A Warm Meal to Inspire Rest


Of all the various Jewish holidays, the Sabbath is the oldest, and the only one specifically referred to in the Ten Commandments.

From the Hebrew word shabbat, "to rest," the Sabbath is a time to spend with the family in peace, a festive celebration. It begins at sundown on Friday with the lighting of the candles and blessing of the braided challah, traditionally covered with an embroidered cloth, and ends at sundown Saturday with the Havdalah, or the separation of the Sabbath from the rest of the week. The fragrance of those mixed spices, including cloves and nutmeg, represents the hope for a sweet week ahead.

A custom, perhaps as old as the Sabbath itself, calls for inviting a stranger to dinner to share the meal with the family so that no one is left alone on this warm and welcoming occasion. And remember, Shabbat starts earlier than ever this time of year, so leave yourself time to prepare.

Jewish Holiday Feasts suggests this Shabbat menu.

Tomato-and-Onion Braised Brisket

1 piece of brisket (4 to 5 lbs.)
salt and pepper
1/2 tsp. dried oregano
1/2 tsp. dried thyme
2 garlic cloves, minced
1/4 cup olive oil
2 large onions, thinly sliced
2 cups coarsely chopped tomatoes

Trim almost all of the excess fat from the brisket, and sprinkle with salt and pepper.

Make a paste of the oregano, thyme, garlic and olive oil.

Spread over both sides of the brisket. Let stand at room temperature for 1 hour.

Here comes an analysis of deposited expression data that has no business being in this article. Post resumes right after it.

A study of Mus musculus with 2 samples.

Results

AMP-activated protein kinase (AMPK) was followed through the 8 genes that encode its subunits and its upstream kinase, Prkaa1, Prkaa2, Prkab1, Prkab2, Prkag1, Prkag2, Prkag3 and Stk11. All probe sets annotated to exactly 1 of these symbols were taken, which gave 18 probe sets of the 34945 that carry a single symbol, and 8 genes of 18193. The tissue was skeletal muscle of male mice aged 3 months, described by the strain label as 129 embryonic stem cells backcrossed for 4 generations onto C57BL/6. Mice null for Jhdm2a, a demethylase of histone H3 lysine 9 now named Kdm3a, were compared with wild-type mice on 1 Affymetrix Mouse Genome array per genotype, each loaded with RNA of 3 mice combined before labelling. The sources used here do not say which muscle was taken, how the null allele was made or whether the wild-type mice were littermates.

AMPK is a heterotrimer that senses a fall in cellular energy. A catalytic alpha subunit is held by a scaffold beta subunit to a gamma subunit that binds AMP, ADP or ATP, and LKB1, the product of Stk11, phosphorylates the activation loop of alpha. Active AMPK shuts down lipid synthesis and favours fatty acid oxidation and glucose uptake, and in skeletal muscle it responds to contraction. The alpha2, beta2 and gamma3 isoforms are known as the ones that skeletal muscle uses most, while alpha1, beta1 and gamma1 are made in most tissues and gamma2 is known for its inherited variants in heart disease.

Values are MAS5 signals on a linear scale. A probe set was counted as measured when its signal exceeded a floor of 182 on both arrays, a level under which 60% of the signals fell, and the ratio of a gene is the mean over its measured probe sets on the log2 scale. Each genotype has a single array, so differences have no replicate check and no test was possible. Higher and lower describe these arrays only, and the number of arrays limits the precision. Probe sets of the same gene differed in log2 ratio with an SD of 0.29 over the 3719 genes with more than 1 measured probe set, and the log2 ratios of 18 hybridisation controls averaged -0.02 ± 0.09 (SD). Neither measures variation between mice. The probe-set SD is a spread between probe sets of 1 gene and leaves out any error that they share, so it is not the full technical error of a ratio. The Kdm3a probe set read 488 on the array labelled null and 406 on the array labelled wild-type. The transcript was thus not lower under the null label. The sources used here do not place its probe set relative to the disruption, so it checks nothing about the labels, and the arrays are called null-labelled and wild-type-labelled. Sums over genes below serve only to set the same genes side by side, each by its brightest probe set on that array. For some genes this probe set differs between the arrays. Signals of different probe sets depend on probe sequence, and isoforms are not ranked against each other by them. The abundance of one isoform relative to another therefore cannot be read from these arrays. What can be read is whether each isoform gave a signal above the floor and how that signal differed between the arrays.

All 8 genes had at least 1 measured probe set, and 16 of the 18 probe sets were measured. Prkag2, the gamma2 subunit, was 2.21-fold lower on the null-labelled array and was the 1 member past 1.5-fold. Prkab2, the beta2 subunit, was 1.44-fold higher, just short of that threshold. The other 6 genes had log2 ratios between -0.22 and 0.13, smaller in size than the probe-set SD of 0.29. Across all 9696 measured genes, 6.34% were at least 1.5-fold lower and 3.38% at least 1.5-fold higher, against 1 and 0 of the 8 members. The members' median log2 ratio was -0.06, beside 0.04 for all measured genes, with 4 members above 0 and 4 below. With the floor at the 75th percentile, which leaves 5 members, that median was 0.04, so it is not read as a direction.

Preheat oven to 300 degrees.

Place the brisket in a roasting pan. Cover with onions and then with the tomatoes. Cover the pan tightly with foil. Bake for nearly 4 hours, basting every hour with accumulated juices.

Remove brisket and tomato mixture to a platter. Degrease pan juices and pour over meat. Refrigerate overnight for easy slicing.

Slice and reheat with tomato mixture and pan juices when serving.

Serves 8.

Roasted-Garlic Potato Wedges

6 baking potatoes, scrubbed
3 Tbsps. olive oil
2 cloves garlic, minced
1/2 tsp. salt
1 tsp. Hungarian sweet paprika

Preheat oven to 425 degrees.

Cut each potato lengthwise into six wedges. Place in a bowl.

Combine oil, garlic, salt and paprika, and toss with the potatoes, coating them thoroughly with the mixture.

Place the potatoes in a single layer on a greased baking sheet.

Bake until potatoes are golden brown and tender, about 20 to 25 minutes.

Serve hot.

Serves 8.

Sugar Snap Peas and Honeyed Carrots
[Meat or Pareve]

4 large carrots, cut into matchsticks
1/2 cup chicken broth, vegetable broth or water
1/8 tsp. cayenne
1/2 lb. sugar snap peas, cut into strips
2 Tbsps. honey
2 Tbsps. fresh orange juice
2 Tbsps. fresh lemon juice
salt and pepper
1/4 cup chopped chives

In a large skillet, bring carrots and broth to a boil. Cover and cook 1 minute.

Remove cover; add cayenne and peas. Cook until almost all the liquid has evaporated.

Stir in the honey, orange juice and lemon juice. Cook for another 3 minutes.

Taste for salt and pepper.

Sprinkle with chives; serve.

Strawberry, Pineapple and Mango Compote

1 large mango, peeled and seeded
2 Tbsps. fresh lemon juice
3 Tbsps. honey
1 Tbsp. dark rum
2 pints strawberries, hulled and quartered
1 small pineapple, peeled, cored and cut into 1-inch pieces
1 small mango, peeled and cut into 1-inch pieces
1 cup shredded coconut, toasted (can be bought already toasted or you can make your own)

To make the mango sauce, purée the large peeled and seeded mango with the lemon juice, honey and rum in a food processor or blender. Set aside.

Place the strawberries, pineapple and small mango in a large bowl. Toss with mango sauce.

Sprinkle with toasted coconut and serve.

Note: If you are toasting coconut at home, spread coconut on a foil-lined cookie or baking sheet, and bake at 250? till lightly browned, about 2 minutes.

But watch carefully; coconut tends to burn quickly!

Jewish Holiday Feasts is written by Louise Fiszer and Jeannette Ferrary.